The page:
797 words on Books
Things a Computer Scientist rarely talks about is a book by Donald E. Knuth containing a couple of talks regarding computers and spirituality, aesthetics and language that Knuth gave at MIT a few years ago.
Donald E. Knuth, for those who haven't encountered him before, is one of the big computing heroes. Not in the dot-com sense, but in a reasonable one. His achievements include his 30 year work-in-progress series of books The Art of Computer Programming – which may have been inspiration to the naming of similarly titled books and probably has been read seriously be very few people –, the conception of TeX – which brought decently typeset papers to mathematicians, whether they wanted it or not and is one of the greatest pieces of free software –, an algorithm or ten and the
Literate Programming concept which unifies programming and its documentation – which sounds very cool to me but I am not sure anybody actually uses it. From the works I've seen it seems pretty safe to say that Knuth is a very productive and rigorous scholar.
In 1990 Knuth published the book 3:16 Bible Texts Illuminated in which he approaches verse 16 of chapter 3 of every book in the bible both in a scholarly manner, by analysing the word and looking at prior scholarly discussion and artistically by having top calligraphers illuminate the verses. Unfortunately I haven' seen the book iself, yet, but even with at most cultural interest in the bible, I am looking forward to doing so.
Being a Knuth book, it is typeset in TeX. Although, remarkably not using TeXs standard fonts but, for the main text, Optima, a sans-serif typeface. It's rather legible for that – and Optima is very pretty for all-caps section headings. In other places there are quotations mixed in using Palatino, so fonts are mainly provided by Knuth's friend Hermann Zapf... if it weren't for those places where a variant of the italic font of the Computer Modern typefaces is used. Also the inserted images look distinctly like a TeX-job, i.e. not too good. So, while the book is definitely readble and has a really nice (hard) cover featuring yet another font, I wasn't overwhelmed by the layout.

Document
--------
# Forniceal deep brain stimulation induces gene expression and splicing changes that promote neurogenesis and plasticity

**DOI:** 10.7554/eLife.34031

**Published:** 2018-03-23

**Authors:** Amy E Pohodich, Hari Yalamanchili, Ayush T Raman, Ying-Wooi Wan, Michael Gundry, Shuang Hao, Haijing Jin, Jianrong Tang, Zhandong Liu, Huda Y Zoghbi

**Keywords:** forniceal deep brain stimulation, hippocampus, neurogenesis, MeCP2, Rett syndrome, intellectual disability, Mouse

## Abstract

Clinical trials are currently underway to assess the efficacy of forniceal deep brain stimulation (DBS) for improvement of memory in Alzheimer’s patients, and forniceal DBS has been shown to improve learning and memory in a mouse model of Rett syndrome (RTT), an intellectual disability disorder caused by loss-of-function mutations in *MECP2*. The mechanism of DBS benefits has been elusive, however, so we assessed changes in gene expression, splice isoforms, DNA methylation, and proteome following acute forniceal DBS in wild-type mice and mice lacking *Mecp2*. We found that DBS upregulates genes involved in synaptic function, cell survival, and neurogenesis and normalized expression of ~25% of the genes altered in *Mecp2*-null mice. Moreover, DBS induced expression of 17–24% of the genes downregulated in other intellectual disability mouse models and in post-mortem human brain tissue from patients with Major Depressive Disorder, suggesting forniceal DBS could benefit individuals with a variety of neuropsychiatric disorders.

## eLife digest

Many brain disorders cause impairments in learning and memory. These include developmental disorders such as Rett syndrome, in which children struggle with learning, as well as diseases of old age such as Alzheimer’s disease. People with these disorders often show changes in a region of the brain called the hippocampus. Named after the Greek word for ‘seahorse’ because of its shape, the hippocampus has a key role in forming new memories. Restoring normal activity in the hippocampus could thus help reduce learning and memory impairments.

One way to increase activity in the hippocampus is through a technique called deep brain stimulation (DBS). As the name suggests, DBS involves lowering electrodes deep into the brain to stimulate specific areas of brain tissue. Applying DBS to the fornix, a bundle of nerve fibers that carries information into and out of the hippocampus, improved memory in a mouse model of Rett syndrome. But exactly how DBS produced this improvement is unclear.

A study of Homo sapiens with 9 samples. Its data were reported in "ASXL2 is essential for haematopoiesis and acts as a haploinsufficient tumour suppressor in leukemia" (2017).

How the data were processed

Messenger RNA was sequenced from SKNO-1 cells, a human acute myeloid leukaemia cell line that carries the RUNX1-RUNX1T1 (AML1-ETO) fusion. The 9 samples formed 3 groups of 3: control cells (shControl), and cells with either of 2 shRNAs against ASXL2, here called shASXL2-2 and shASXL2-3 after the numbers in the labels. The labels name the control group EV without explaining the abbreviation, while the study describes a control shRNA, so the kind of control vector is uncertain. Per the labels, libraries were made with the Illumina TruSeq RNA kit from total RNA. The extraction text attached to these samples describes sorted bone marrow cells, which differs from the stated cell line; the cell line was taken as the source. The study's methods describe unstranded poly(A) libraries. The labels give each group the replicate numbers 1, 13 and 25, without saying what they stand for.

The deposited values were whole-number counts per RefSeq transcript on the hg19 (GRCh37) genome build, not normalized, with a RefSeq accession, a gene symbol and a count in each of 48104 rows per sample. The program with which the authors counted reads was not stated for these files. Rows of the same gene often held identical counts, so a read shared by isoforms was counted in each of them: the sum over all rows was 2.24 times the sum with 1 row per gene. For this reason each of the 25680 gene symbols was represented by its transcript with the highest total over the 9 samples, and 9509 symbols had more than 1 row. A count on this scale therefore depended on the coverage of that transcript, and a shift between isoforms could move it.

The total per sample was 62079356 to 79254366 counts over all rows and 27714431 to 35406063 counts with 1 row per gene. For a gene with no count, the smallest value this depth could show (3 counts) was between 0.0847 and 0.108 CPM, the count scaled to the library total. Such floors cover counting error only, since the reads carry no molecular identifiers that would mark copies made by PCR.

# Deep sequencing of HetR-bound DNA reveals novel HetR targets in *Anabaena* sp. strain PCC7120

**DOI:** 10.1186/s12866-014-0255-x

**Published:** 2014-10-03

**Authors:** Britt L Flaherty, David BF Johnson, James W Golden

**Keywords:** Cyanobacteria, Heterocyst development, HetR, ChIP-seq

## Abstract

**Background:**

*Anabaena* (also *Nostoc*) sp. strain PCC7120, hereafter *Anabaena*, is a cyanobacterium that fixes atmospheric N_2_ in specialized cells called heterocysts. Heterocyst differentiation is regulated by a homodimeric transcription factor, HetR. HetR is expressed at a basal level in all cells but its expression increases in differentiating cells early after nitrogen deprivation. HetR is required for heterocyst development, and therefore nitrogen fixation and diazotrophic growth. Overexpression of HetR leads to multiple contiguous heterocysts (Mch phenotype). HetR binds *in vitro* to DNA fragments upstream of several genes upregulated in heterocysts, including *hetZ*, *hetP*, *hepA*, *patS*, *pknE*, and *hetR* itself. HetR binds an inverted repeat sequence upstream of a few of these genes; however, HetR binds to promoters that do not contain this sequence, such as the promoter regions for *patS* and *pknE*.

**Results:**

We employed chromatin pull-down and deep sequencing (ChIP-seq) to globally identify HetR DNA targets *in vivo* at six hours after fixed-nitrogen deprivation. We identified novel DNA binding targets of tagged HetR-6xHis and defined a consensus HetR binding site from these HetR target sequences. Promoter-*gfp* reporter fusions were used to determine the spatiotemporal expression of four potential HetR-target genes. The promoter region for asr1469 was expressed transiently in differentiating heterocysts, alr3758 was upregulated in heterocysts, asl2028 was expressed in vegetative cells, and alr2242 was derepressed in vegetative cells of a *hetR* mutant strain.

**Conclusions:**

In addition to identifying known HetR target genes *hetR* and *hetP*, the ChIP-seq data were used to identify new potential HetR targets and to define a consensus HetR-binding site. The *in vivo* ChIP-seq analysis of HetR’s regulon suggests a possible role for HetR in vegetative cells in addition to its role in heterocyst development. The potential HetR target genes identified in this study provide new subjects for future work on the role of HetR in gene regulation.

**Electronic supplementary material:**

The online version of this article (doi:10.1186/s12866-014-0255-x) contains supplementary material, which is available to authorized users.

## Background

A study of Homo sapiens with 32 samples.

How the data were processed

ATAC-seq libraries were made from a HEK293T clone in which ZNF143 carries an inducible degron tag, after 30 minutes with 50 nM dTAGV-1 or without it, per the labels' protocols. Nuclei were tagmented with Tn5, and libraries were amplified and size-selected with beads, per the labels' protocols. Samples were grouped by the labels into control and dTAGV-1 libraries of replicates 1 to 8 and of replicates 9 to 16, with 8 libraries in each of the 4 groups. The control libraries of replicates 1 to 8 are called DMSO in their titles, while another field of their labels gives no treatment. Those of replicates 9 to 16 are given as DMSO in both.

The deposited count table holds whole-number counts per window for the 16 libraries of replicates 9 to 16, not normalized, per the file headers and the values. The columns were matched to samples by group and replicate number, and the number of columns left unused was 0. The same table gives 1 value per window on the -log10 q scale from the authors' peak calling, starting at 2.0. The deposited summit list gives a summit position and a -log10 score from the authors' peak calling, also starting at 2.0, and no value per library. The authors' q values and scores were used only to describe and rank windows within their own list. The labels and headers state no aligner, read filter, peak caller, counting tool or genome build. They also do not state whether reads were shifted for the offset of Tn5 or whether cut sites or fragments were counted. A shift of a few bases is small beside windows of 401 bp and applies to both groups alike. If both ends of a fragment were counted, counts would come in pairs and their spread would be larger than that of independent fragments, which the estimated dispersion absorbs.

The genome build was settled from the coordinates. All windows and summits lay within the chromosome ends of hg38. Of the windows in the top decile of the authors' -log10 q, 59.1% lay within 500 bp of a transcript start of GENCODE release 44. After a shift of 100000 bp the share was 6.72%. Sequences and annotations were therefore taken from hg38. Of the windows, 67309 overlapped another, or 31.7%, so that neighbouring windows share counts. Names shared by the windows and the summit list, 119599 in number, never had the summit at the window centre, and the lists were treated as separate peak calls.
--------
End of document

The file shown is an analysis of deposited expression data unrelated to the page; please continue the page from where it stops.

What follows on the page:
The book is published by CSLI in their lecture notes series and is classified as
Religion and science,
Computers – moral and ethical aspects among other things.
I am tempted to say, though, that the book is an apology for the
3:16 project. Knuth goes into great detail explaining what he did and why. He talks about his technique of 'randomly' choosing the bible verses in the hope to get a good view across all the bible in limited time. He talks about how he went back to the sources and tried to do his own translations, without knowing Hebrew or Greek; Just using bible-specific dictionaries for this – an approach that probably works when done with the rigour that Knuth normally puts into things but which I consider a bit lifeless. He talks about aesthetics and science, surely a big topic when studying the history and philosophy of science. This is used as an excuse to show tiny reproductions of all those really cool illuminated bible verses. Finally, he and a panel talk about how spirituality and computer science go together.
Just that they don't really talk about that.
And that's, in my opinion, the main flaw of the book. It is interesting to learn about how Knuth started on doing the
3:16 book and that makes me want to get it even more than I did anyway. But then there's the shadow of spirituality and god lurking all over the book. But that's about it. The connection isn't really made. Just from reading the book it isn't really apparent why Knuth did all this. He probably is a believer but he doesn't make any straightforward statements on the topic (aside from the occasional use of the word 'god' as if it had a meaning).
My impression was that this is a topic Knuth cares a lot about but – perhaps because he is caught in the corset of scholarly rigour – doesn't really speak about. Instead, he ends up speaking a lot about how he studied the bible, formally, making references to future talks and dropping a lot of names (who all work at expensive universities or are reknown artists) – thus, apart from the artists,
Things a Computer Scientist usually speaks about.
Interested? Then be delighted to hknow that Knuth has a typically efficient web page for the book, with a summary, errata – or
bugs as he likes to call them on occasion – and links to, apparently broken, streams of the lectures.
Received data seems to be invalid. The wanted file does probably not exist or the guys at last.fm changed something.